We’ve little time for mucking about with fancy wordplay in this edition of the Spotlight, the Celts are invading! Whether you’re interested in Ancient Britons, Dacians, our upcoming Germanics or your run of the mill variety Celts, Warlord Games has something in our range to offer you.
We’ll kick off our expose on these hairy barbarians with a selection from our library (definitely not proper Celt stuff). Our fine selection of Osprey history books is waiting to give you inspiration and guidance in your gaming and modelling endeavours.
Hordes of ferocious Celtic warriors is just what the druid ordered. You can get tons of versatility out of our plastic Celt Warriors boxed set.
Speaking of Druids, if you’re looking to cast a good omen on your army or just tear out a few hearts to sacrifice to the glory of your dark elk-antlered gods, our Druid models are certainly up to the task.
It’s a known fact that some Celt nutters liked to fight in the raw, so we couldn’t leave you without the ability to field your own ‘berserks’ on the tabletop. Now you can add these blue (woad and the European climate will do that) warriors to your army with our Naked Celt Fanatics.
If you thought the Celtic men were vicious, you should see the women! Make sure the fairer sex is well represented in your force with our Female Celt Warriors.
Speaking of women, no Celt collection can be complete without one of the most famous characters ever to ride a chariot, Boadicea – Queen of the Iceni!
The Iceni were a tribe in Ancient Britain (Briton/Britannia) so we made sure you could represent these lime-haired loonies on the tabletop with our metal and plastic Ancient British Warriors boxed set.
As if the men and women weren’t bad enough, Celts would also bring their vicious dogs to the battlefield to bring down any stray enemy soldiers that might get in their way. As you can see from the model, our Celt Warhound Packmaster is barely keeping his savage beasts contained from the battle line.
Although Celts reveled in hand-to-hand combat, they were not above using missile weapons to soften up the enemy. Our Celt Slingers will certainly put a few dings in some enemy helmets.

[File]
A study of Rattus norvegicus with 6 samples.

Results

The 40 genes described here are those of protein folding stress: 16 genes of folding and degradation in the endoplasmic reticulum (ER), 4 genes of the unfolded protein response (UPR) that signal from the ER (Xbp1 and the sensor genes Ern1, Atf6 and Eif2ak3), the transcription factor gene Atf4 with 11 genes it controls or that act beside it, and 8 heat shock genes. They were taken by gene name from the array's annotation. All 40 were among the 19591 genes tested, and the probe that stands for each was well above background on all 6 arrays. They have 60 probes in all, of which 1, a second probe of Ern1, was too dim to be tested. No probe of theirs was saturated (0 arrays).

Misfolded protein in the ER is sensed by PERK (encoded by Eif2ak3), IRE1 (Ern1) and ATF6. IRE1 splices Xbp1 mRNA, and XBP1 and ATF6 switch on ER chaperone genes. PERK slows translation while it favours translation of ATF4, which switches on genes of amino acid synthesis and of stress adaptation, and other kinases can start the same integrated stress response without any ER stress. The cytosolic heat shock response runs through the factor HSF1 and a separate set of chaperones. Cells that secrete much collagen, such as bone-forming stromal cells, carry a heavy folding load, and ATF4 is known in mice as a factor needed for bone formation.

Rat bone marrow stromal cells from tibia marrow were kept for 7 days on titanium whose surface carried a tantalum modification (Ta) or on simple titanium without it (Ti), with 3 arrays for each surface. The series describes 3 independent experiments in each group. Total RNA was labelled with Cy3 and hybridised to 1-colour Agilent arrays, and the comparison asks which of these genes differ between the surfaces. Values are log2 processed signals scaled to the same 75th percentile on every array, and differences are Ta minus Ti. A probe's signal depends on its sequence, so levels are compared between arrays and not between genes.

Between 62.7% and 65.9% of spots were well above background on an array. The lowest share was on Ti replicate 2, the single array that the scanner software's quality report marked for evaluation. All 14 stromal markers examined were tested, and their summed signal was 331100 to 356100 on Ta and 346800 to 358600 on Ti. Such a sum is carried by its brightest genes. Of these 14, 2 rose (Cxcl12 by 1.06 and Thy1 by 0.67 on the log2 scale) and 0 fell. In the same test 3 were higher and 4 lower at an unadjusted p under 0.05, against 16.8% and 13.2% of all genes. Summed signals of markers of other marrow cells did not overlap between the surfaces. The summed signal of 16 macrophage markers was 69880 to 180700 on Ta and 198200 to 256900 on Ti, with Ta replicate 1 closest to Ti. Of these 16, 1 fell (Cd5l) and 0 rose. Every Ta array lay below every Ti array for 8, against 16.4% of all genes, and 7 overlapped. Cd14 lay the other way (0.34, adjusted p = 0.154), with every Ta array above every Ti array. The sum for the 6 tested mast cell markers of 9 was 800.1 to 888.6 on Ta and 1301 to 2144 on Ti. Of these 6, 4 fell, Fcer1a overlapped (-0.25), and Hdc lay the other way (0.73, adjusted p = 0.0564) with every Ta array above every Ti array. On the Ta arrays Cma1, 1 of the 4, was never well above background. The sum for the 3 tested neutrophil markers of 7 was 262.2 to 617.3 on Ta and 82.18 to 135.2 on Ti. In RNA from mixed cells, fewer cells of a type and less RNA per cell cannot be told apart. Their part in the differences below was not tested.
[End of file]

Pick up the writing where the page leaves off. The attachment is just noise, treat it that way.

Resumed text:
Javelins were also available to Celt Warriors as a thrown spear killed an invading warrior just as well as a sword thrust. Celt Javelinmen can turn enemy formations into pincushions.
If you’d like to do a few conversions, we’ve also got metal javelins available separately as well as plenty of other interesting bits such as Roman Scutums, pikes, and more in The Armoury.
Believe it or not, the Celts even employed a few bows here and there. Not as manly as swinging a sword or axe into your opponent’s face, but Celt Archers are still useful!
Celtic Cavalry liked to travel into combat without saddle or bridle. While it must of been a bumpy ride, these light cavalry are certainly effective for picking apart enemy units.
Aside from being fine horsemen, Celtic Chariots were also a well-known tactic brought onto the battlefield. These rolling war wagons were used for transporting chieftains as well as lending some heavy-hitting power to a Celt army.
Speaking of Celt Chieftains, feast your eyes on our collection of barbarian warlords. These miniatures are perfect for leading your army onto the tabletop!
If felt caps and falx are more your style, our metal and plastic Dacian Warhost boxed set is perfect for your needs. These models are the reason the Imperial Romans up-armoured their Legionaries. It seems losing arms, legs, and heads on the battlefield was displeasing to them for some reason.
Dacians would also bring along captured Roman artillery to the battle. Here we have a Dacian Scorpio which is perfect for putting gaping holes in a Roman testudo.
No Celt army can be complete without a few Celt Civilians around to cheer on the warriors and generally get in the way. They would show up to the battle to spectate and root for their side like it was the local cricket match!
Although the Celts were definitely barbarians, they were also skilled craftsmen. This Celt Roundhouse is perfect for any battlefield and will serve equally well as a piece of scenery or tabletop objective.
Celts were also deeply superstitious so these Celtic Stone Totems are perfect for adding a bit of colour to your collection or battlefield.
Celt architecture wasn’t merely limited to single-level dirt and wattle buildings as our Celtic Broch clearly demonstrates. Although its use is still debated over, this imposing structure is great as a towering terrain piece.
This concludes our Spotlight oveview of the extensive Celt miniatures and terrain line that we currently have available. This article is merely a sampling of the entire range and it can all be found right now in the Warlord webstore.